China's Regulation Problem


David Wu, a chartered accountant by training, is also a member of PwC China’s Management Board, and also holds the following leadership roles: China Government and Regulatory Affairs Leader, North China Markets Leader and Beijing Senior Partner. In most western democracies, this would be a standard regulatory position. In a country like China, it’s a position considerably more challenging as figures like Wu have to navigate between the tensions inherent in a one-party state which is struggling to aspire toward a more predictable rule of law.

David Wu’s task of ensuring a functioning well regulated markets is complicated by the fact that China is in the midst of a politicized anti-corruption purge has roiled the ranks of the elite, toppling previously untouchable officials like former security czar Zhou Yongkang. A whiff of a cult of personality now surrounds China’s top leader, Xi Jinping, with major social science grants directed to academics who plan to study his speeches.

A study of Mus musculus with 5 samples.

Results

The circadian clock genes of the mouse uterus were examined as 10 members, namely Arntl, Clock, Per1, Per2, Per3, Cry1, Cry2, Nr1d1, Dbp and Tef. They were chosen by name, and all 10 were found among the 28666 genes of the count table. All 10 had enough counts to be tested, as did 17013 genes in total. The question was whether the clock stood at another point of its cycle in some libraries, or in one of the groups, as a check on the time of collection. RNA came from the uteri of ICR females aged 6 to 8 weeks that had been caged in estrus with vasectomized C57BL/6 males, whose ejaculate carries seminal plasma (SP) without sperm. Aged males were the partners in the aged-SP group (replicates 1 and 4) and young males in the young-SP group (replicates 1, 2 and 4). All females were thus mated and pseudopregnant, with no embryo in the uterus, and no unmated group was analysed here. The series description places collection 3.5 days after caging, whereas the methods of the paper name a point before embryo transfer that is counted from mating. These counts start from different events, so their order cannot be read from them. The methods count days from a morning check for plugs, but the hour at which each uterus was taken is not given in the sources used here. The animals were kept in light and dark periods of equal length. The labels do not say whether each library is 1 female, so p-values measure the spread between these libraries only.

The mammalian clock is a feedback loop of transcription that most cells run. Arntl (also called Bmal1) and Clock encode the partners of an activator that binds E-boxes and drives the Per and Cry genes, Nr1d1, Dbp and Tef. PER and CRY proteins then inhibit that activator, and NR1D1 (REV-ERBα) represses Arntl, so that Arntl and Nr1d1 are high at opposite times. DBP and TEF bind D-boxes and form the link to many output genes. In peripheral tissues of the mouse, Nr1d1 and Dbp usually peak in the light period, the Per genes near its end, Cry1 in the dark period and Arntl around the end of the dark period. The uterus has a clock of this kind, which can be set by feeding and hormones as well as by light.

In many respects, China seems to be drifting back into something far more arbitrary and Maoist. Repression in China today is at its most severe point since the aftermath of 1989. Mainland political dissidents have been muzzled through both formal arrests and entirely off-the-books “disappearances. And over the past year, state authorities have increasingly resorted to televised public confessions by social media celebrities, foreign corporate investigators, and alleged terrorists — rather than statutes and trials — to send signals to society at large.

In the interview David Wu discusses the challenges and prospects that China is experiencing now and in the years ahead.